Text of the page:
Panel Finds Decades of Abuse in Catholic Church in Portugal
LISBON — More than 4,800 individuals may have been victims of child sex abuse in the Portuguese Catholic Church and 512 people have already come forward to speak out, an expert panel looking into abuse in the church said Monday, after Portuguese church officials had said there were only a handful of cases.
Senior clergymen sat in the front row of the auditorium where committee members read out some of the harrowing allegations of abuse, replete with vivid and shocking descriptions.
The Independent Committee for the Study of Child Abuse in the Catholic Church, established by Portuguese bishops about a year ago, looked into allegations of abuse starting in 1950.
The panel produced its final report Monday, and the bishops are scheduled to discuss it next month. The statute of limitations has expired for most of the cases, and only 25 allegations were passed to prosecutors, the panel said.
The report comes four years after Pope Francis gathered church leaders from around the world at the Vatican to address the crisis of sex abuse in the church, more than 30 years after the scandal first erupted in Ireland and Australia.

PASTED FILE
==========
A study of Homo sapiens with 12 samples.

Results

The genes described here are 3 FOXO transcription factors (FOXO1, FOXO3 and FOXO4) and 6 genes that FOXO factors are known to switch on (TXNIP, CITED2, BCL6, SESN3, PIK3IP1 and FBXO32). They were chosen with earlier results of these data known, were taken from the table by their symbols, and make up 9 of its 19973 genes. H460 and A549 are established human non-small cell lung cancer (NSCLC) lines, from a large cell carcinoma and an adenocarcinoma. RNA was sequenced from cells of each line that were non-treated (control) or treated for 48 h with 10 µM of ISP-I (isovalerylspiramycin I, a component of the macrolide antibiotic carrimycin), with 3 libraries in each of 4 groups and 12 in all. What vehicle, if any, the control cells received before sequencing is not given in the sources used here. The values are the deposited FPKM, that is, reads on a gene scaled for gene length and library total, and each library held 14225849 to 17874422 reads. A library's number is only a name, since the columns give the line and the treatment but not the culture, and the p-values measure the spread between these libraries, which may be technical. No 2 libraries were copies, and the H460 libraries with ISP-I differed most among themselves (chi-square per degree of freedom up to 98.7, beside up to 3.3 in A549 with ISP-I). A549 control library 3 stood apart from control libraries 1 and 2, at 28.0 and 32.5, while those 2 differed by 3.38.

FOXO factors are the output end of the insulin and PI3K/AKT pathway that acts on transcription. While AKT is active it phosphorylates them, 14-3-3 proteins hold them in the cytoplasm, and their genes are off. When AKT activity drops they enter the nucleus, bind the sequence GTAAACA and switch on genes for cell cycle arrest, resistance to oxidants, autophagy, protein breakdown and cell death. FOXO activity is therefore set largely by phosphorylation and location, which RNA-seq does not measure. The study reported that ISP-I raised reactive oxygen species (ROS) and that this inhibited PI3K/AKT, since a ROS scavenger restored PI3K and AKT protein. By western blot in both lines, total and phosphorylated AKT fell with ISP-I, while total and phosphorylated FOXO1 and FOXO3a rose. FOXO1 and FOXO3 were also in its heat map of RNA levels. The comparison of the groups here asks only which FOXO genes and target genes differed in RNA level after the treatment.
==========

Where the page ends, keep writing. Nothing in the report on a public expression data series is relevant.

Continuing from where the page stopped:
Bishops and other Catholic superiors in many parts of Europe at the time denied the existence of clergy sex abuse or insisted on giving little weight to the problem.
Pedro Strecht, a psychiatrist who headed the panel in Portugal, said it estimated that the true number of victims during the period was at least 4,815, but he did not explain how he arrived at that figure.
The panel is not publishing the names of the victims, the identities of the accused or even the locations where the abuse was said to have taken place. The panel will, however, send to bishops by the end of the month a list of people who are accused of abuse and still active in the church.
The Portuguese Bishops Conference and the police will receive a separate — and confidential — annex of all the names of church members reported to the committee, which included psychiatrists, a former Supreme Court judge and a social worker.
The Portuguese church has not said whether it intends to pay compensation to any victims.
The report said that 77 percent of the abusers were priests, with the remaining perpetrators being linked to church institutions.
Forty-eight percent of those who came forward had spoken about the abuse for the first time, the report said.
The report said that there were places in Portugal, including seminaries and religious institutions, that were “real black spots” for abuse.
The panel recommended that the statute of limitations on such crimes be extended to at least 30 years, from the current 23 years.